1. Not many clues about the scale involved, but the Jolly Green Giant is commiserating with Babe and Clifford, other giants.

  2. The “color or no color” question is moot, because Andertoons specializes strictly in monochrome comics.

  3. The mono-color element must be part of the reason Babe and Clifford are the only ones that understand him, because otherwise wouldn’t Paul Bunyan be included?

  4. Not to make light of the situation, but shouldn’t the fact that they are red, green, and blue be our primary concern here?

  5. @ Susan – What an illuminating observation!

    P.S. @ TedD – I remember being mildly amused by a collection of Paul Bunyan stories in elementary school, but when I ran into them again later they seemed artificial and/or commercial (much like Rudolph the reindeer or the Loch Ness monster).

  6. P.P.S. @ Susan – My very first contact with the difference between “additive” and “pigment” primary colors was in an x-ray crystallography image of a steel pinhead (blown up to fill an entire magazine page, probably in Scientific American). The researchers had taken two sequential images of the same pinhead, and then overlaid one (in red) on top of another (in green), resulting in some red, some green, but mostly yellow dots in the final image. Back then, the idea that “red+green=yellow” seemed very foreign, and contrary to everything I had learned in art class in school.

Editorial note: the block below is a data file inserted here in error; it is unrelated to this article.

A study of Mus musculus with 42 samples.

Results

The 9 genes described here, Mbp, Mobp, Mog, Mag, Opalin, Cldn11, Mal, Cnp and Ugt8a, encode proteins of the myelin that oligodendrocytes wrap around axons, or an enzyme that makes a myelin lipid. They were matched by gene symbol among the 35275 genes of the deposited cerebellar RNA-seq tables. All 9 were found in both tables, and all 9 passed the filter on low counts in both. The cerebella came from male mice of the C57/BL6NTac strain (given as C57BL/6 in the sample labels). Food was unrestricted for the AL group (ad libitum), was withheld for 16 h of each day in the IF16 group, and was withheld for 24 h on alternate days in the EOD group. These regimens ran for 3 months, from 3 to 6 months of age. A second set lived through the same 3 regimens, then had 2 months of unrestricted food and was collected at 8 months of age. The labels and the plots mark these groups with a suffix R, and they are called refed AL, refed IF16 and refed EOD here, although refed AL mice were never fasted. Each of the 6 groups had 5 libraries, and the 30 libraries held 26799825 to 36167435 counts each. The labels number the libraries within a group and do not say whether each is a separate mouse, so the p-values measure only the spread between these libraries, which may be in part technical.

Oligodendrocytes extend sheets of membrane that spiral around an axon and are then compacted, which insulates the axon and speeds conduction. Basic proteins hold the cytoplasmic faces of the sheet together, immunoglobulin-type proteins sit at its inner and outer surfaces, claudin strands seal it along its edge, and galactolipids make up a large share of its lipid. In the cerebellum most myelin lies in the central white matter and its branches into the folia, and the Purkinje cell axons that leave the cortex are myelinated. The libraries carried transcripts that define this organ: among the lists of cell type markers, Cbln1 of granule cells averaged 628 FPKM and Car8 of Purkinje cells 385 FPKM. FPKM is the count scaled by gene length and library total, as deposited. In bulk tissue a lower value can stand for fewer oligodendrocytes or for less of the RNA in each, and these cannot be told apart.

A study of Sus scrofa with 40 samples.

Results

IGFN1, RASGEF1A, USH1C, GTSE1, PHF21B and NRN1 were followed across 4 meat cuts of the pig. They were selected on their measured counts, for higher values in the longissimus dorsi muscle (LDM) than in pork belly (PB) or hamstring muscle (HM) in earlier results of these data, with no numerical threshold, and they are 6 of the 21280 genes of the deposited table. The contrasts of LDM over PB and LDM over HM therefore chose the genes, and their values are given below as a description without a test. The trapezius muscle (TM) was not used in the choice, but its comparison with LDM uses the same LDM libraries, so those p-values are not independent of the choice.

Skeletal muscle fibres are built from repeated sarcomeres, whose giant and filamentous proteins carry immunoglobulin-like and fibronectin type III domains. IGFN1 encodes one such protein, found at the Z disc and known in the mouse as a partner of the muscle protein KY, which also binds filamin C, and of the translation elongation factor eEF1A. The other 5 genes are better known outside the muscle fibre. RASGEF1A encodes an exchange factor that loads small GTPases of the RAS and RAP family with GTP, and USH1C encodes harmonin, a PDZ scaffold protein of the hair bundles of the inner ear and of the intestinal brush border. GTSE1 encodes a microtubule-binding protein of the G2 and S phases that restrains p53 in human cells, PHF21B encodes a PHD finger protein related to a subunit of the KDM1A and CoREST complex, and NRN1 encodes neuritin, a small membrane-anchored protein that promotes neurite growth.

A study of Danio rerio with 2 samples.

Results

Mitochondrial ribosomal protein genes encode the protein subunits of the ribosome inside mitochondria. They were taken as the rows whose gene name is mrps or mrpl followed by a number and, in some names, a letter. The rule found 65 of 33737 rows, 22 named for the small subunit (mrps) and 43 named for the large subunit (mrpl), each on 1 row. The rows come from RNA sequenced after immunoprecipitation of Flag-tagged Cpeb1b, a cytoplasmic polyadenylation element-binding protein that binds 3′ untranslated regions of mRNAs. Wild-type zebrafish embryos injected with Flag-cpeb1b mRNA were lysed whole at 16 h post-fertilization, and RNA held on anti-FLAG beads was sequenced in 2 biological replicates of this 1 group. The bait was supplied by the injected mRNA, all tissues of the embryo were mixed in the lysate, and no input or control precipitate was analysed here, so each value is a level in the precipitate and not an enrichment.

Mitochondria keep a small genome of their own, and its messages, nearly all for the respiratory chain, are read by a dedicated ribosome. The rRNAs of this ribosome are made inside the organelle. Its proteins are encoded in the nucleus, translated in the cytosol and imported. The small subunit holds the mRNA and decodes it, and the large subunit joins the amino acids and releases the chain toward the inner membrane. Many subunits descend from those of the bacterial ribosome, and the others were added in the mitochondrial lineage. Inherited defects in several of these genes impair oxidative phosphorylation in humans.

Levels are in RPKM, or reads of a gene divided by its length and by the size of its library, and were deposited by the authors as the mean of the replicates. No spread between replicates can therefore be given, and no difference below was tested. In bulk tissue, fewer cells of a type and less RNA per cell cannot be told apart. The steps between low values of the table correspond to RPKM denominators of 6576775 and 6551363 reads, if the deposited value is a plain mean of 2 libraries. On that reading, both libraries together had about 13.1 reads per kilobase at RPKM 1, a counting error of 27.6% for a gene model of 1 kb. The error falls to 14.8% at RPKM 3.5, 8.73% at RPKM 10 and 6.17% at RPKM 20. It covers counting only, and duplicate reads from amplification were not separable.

7. I think I heard of Paul Bunyan and Johnny Appleseed around the same time, and long thought of them as having similar fictional / legend status. Turns out Johnny Appleseed was real, though the stories that accreted about him got pretty folkloric.

  8. Some of the supposedly authentic things I’ve heard about Johnny Appleseed (John Chapman) seem pretty folkloric. One is that he was nuts because everybody knows you can’t get good apples by planting apple seeds; you have to graft from a tree that’s already producing good apples. Well, I’m not a horticulturalist so I don’t know for sure about that thing that supposedly “everybody knows.” Second thing is that neither he nor anybody else cared if the apples weren’t particularly sweet for eating. He intended them to be harvested to make hard cider. He brought alcohol to every part of the country. I’m skeptical of that one too. Third thing is that he was a preacher, proselytizing every where he went. Bringing the Good Booze Of Christ?